This is a guest blog post written by Athletico Physical Therapy. You can learn more about Athletico Physical Therapy here.


Have you ever experienced pain or swelling in your Achilles heel after prolonged activity? Though the Achilles is the strongest tendon in the body, it’s still susceptible to injury. Achilles tendinitis is an overuse injury of the Achilles tendon, which is the tendon that connects the calf muscles at the back of your lower leg to your heel bone. It is a common condition in endurance athletes and other athletes who put repetitive stress on their feet and Achilles tendon. Here are some of the common causes, symptoms, and ways to manage the pain.


Achilles tendinitis is a chronic condition which results from repetitive or intense strain on the tendon. As people age, tendons become less flexible and therefore more susceptible to injury.  Middle-aged recreational athletes are the most susceptible to this injury. Common causes can include:

  • Tight calf musculature. Stretching is an important step in preventing and avoiding this type of injury.
  • Overpronation. This is when your foot rolls excessively inward when it should be pushing off. If you look at the bottom of your shoe and you see a lot of wear on the inner sides of your shoes you could be a pronator. Overpronation causes extra stress and tightness to the muscles in the area.
  • Recent changes in footwear and/or changes in training schedules. Often distance runners will have symptoms after increasing their mileage or increasing hill training.
  • Other underlying problem such as bone spurs. A bone spur is an extra bone that grows in the heel where the Achilles tendon attaches. The bone spur creates friction against the tendon and pain.


The main complaint with this type of injury is pain behind the heel of the affected tendon. Most prominently, the pain is located about 2-4 centimeters above where the tendon connects to the heel bone. Other symptoms may include:

  • Pain/stiffness, especially in the morning or after getting up after extended periods of sitting.
  • Swelling in the area of the tendon. The tendon may appear “thicker” than the opposite one.
  • Discomfort with activities such as running or jumping during the pushing off phase.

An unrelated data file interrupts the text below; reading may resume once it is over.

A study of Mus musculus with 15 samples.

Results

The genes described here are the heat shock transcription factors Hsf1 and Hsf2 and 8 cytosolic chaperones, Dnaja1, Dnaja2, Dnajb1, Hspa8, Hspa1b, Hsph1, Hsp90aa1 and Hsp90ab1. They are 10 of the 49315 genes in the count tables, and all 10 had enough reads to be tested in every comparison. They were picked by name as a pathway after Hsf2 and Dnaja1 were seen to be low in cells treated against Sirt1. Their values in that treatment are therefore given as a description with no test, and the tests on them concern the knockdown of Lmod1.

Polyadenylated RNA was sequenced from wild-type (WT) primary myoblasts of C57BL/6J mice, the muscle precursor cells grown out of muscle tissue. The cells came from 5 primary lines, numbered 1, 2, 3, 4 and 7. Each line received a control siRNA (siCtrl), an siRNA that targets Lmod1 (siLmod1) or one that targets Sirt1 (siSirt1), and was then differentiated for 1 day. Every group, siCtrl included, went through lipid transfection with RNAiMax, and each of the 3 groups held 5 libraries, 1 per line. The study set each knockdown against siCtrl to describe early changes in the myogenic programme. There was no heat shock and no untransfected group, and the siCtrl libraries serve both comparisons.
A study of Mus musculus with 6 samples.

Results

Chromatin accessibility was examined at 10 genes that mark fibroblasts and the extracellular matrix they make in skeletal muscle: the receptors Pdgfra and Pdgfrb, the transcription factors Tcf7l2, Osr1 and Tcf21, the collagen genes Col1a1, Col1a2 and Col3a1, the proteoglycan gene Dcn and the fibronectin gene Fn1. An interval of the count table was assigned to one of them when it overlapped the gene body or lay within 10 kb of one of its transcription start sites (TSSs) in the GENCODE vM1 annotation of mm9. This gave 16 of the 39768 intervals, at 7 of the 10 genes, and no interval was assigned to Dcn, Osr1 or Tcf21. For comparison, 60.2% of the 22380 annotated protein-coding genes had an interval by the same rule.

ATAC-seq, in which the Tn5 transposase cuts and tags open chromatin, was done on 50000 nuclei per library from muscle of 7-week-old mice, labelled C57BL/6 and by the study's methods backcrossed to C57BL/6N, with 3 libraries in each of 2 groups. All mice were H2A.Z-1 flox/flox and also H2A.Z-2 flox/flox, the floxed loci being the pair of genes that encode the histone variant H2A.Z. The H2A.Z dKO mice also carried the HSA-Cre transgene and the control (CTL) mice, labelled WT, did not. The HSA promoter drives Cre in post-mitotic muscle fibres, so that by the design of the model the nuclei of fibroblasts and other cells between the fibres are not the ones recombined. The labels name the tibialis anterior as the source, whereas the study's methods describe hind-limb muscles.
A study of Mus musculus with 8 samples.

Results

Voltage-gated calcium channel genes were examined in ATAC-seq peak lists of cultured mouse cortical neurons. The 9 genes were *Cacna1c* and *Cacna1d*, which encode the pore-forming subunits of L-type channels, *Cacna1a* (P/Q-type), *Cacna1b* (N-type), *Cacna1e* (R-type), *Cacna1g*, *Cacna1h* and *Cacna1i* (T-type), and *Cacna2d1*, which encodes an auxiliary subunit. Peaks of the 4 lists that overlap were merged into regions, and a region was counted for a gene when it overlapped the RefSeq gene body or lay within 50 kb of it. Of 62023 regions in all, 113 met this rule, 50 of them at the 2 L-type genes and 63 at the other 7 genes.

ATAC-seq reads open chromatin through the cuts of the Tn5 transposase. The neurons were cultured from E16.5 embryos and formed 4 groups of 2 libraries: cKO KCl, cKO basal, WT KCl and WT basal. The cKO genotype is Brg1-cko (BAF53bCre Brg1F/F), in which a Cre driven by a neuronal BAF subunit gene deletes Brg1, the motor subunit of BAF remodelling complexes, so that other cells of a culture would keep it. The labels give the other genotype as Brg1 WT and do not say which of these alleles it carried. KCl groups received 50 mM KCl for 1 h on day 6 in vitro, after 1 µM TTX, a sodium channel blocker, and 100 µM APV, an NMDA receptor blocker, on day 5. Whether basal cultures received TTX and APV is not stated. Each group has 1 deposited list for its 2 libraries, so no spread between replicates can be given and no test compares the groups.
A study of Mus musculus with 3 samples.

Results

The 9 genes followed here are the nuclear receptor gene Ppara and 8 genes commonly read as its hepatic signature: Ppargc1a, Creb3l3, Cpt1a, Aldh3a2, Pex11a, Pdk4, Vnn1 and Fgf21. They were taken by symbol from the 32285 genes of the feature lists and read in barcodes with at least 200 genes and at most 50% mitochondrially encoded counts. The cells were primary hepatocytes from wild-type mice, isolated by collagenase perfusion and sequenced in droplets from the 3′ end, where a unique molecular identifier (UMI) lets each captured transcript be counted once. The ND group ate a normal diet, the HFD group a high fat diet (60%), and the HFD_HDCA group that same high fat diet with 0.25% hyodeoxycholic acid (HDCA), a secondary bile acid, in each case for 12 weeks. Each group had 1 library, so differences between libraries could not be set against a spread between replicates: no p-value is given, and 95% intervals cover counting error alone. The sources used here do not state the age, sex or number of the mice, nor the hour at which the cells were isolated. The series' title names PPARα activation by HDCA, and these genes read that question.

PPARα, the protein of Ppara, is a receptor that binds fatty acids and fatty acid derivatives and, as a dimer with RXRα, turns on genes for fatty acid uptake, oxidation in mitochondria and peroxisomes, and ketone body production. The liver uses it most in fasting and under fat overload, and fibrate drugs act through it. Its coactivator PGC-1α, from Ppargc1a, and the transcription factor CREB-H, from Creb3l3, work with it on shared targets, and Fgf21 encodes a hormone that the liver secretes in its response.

• Crepitus or a “crunchy” feeling in the tendon with movement.


Achilles tendinitis can respond well to conservative/self-administered treatment which includes:

  • Rest. Decrease the repetitions on the tendon which will help reduce the amount of strain on the tendon and allow for healing to take place.
  • Ice. Ice the area for 10-15 minutes, but be sure to give the area about an hour to allow the tissues to come back to normal temperature before repeating. You can do this a few times a day to reduce the pain and inflammation to the area.
  • Non-steroidal anti-inflammatory medication (NSAIDS). Drugs such as Ibuprofen (Advil) help control inflammation in and around the tendon; therefore reducing pain. Ensure you follow the dosing directives.
  • Stretching and strengthening exercises. By performing the exercise below, it can help to reduce the stiffness and pain that you might be experiencing. As a rule of thumb, if you have discomfort, stop the exercise and consult with a physician.
    • Calf stretch (straight leg and bent knee). Hold for 10-30 seconds as tolerated and perform 2-3 times on each side. You should feel a light stretch in the back leg. Ensure you do this stretch on both legs.  Then switch sides and repeat.
  • Try shoe inserts. A shoe insert or wedge that slightly elevates your heel can relieve strain on the tendon. Specific orthotic devices can assist with any mechanical challenges (i.e. overpronation, etc.).
  • Consult a medical expert. If you still continue to feel discomfort, Athletico offers complimentary injury screens where a physical therapist or certified athletic trainer will do an evaluation of your condition and identify next steps. Click the button below to schedule yours today! You can also consult with your physician for additional testing if appropriate.

Taking the Next Step

Listen to your body when it comes to this injury. It is very easy to overdo it and continue to have discomfort because you use this tendon when walking, running, and jumping.  Don’t let your Achilles tendon become your Achilles heel!  If you’d like to speak to an Athletico Physical Therapist, request a free assessment here at a clinic near you.